For decades, researchers developing electronics have had enormous success advancing almost any application that has to do with information processing: following Moore’s Law, data density on an electronic chip has doubled every 18 months. Although this exponential growth is likely to continue for a while, inherent physical limitations are expected to prevent it from lasting indefinitely. Some of these limitations are already evident: as electronics in computers are forced to operate at ever higher frequencies, power dissipation and consequent hardware heating are becoming a very serious problem. In nodes of optical telecommunications networks, where data needs to be processed electronically at especially high operational frequencies, the problem is even more significant.
Realizing that electronic signal processing would eventually face a fundamental physical limitation, engineers in the early 1980s explored the possibility of building an optical computer, in which data would be carried by light (photons) instead of by charged carriers (electrons). They didn’t have an easy time. True all-optical signal processing requires a way of influencing light with light itself. That is, one has to use materials with optical properties that can be modified by the presence of a light signal; this can be used to influence another light signal, thereby performing an all-optical signal-processing operation. Unfortunately, these effects tend to be extraordinarily weak, so the proposed optical logic elements of the 1980s were too large; they consumed orders of magnitude too much power to be feasible. People started viewing optical signal processing as impractical.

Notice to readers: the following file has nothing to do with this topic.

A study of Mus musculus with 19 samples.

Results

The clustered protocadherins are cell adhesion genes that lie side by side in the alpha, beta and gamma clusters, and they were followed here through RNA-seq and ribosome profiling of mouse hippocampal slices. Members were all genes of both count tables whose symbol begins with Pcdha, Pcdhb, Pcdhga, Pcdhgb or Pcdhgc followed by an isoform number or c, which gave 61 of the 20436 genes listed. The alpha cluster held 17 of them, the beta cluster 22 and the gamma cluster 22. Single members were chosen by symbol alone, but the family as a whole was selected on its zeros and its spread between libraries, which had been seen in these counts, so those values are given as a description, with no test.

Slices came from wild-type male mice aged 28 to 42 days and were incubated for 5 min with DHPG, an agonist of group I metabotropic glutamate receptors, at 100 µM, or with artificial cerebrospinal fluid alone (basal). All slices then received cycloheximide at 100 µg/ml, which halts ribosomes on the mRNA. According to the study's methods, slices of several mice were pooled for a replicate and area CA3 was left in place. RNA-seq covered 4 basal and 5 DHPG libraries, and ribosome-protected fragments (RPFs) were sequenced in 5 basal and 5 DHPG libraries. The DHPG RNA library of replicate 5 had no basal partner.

Now, however, with the limits of electronics looming much closer, engineers have begun turning to optics again. Indeed, it’s likely that data transport between various components of desktop computers (between different parts of the processor, and between the memory and the processor) will soon be performed optically. As the need grows for physical mechanisms that improve our ability to manipulate light, photonic crystals (which were invented in 1987) have emerged as a promising way to meet it.
Photonic crystals are artificially created nanostructured “meta-materials” whose optical properties vary periodically at the scale of the wavelength of light. Sometimes called “semiconductors for photons,” photonic crystals offer unprecedented opportunities for molding the flow of light. For example, they have been used to create all-optical switches that are less than a micrometer in size and an order of magnitude faster than transistors used in commercial electronics. Moreover, photonic-crystal designs have been proposed that could enable nonlinear interaction even between single photons. These materials could thus dramatically change the view that optical interactions are too weak to use for signal processing.
Optical technologies will keep penetrating deeper into electronic designs, and photonic crystals will play a major part in making this possible. Information processing in the near future will thus probably be performed by hybrid electronic and optical designs, with optics taking on an ever more important role.
Marin Soljacic is an assistant professor of physics at MIT and a member of this year’s TR35.